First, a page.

Gillibrand calls for business loan program

Sen. Kirsten E. Gillibrand speaks at Jefferson Community College in Watertown over the summer. Sydney Schaefer/Watertown Daily Times

As small businesses and live event venues struggle to recover from a summer of heavily limited operations, U.S. Sen. Kirsten E. Gillibrand, D-N.Y., is calling for legislation to create a new loan program to help them survive.

In a video news conference held Tuesday afternoon, Gillibrand proposed legislation, in the form of the Reviving the Economy Sustainably Towards a Recovery in Twenty-Twenty, dubbed the RESTART Act, that would create a new loan program to fund six months of employer and operating expenses for businesses that have lost substantial revenue and have been unable to access a lifeline through the Paycheck Protection Program.

While the PPP was intended to help small and mid-sized businesses weather the economic crisis brought on by the coronavirus pandemic, many have slipped through the cracks and are struggling to maintain operations and pay their employees.

“When New York made the difficult but necessary decision to go on pause, arts, tourism and hospitality went on pause too and they’ve not come back,” Gillibrand said. “Neither have many jobs in those industries. Art venues, restaurants and tourist attractions across the state are suffering.”

Theaters, live events, restaurants and hospitality make up a significant part of New York’s economy and have faced unprecedented revenue losses since March. Independent venues across the country have been forced to close during their peak seasons and are forecasted to lose almost $9 billion in revenue if the rest of 2020 continues in the same way.

The majority expect to permanently close if shutdowns persist and no federal funding becomes available.

To this end, Gillibrand has co-sponsored the bipartisan RESTART Act to support small and mid-sized businesses, calling for the inclusion of the act in the next COVID-19 relief package.

“PPP required businesses to maintain their pre-pandemic employee headcount for up to 24 weeks,” Gillibrand said. “Restaurants and entertainment venues can’t do that. They are either closed for the foreseeable future, or need fewer employees on site as they serve fewer customers to stay safe. That’s left them ineligible for relief. The RESTART Act would ensure they get the support they need and I’m proud to be joining my colleagues on both sides of the aisle in support of its inclusion in the next relief package.”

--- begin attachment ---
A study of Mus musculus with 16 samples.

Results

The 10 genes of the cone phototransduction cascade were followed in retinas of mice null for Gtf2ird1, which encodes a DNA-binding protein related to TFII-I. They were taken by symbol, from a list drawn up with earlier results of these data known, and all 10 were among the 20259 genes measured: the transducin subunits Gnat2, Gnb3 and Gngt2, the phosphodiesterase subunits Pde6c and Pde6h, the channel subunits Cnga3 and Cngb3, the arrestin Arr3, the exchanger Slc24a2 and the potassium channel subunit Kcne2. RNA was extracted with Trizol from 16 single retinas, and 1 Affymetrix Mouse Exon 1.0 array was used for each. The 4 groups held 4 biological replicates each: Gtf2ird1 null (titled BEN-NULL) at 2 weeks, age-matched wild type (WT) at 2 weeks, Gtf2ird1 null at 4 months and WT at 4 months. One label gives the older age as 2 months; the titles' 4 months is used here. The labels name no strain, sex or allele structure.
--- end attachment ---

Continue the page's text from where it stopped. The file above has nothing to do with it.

Gillibrand is among a group of more than 30 senators to co-sponsor the RESTART Act. Specifically, the RESTART Act would provide access to loans to cover six months of payroll, benefits and fixed operating expenses for small and mid-sized businesses and nonprofits that have suffered significant revenue losses, and would provide an extended 12-month covered loan period for businesses that have seen revenue decline by at least 80%.

The act would also forgive a share of loans based on revenue declines suffered by the recipient in 2020 — or during the six-month covered loan period — compared to a year earlier, with the remainder to be paid back over seven years, with generous loan terms. Businesses with fewer than 5,000 employees would receive even more favorable terms on loan forgiveness.

The act would also offer more favorable loan terms to nonprofits, including a longer duration and a lower interest rate; defer interest payments for the first year of the loan, and defer principal payments for the first two years, with additional deferral available to economically distressed firms; build an origination fee structure designed to provide an incentive for banks and other financial institutions to assist the smallest businesses; allow businesses to choose when to rehire their workers and when to deploy the capital; and provide a 100% loan guarantee from the federal government

“The reality is that COVID is going to be with us for a long time, and during that time, some businesses will not be able to operate at the scale they used to, if at all,” Gillibrand said. “We need to help them make it through. We all want to be able to go out to eat and to see concerts again when it’s safe. We need the restaurants and venues we love to still be there when that day comes.

“The RESTART Act will help them survive. I will continue fighting for a new relief package to be passed and for this legislation to be included,” she added.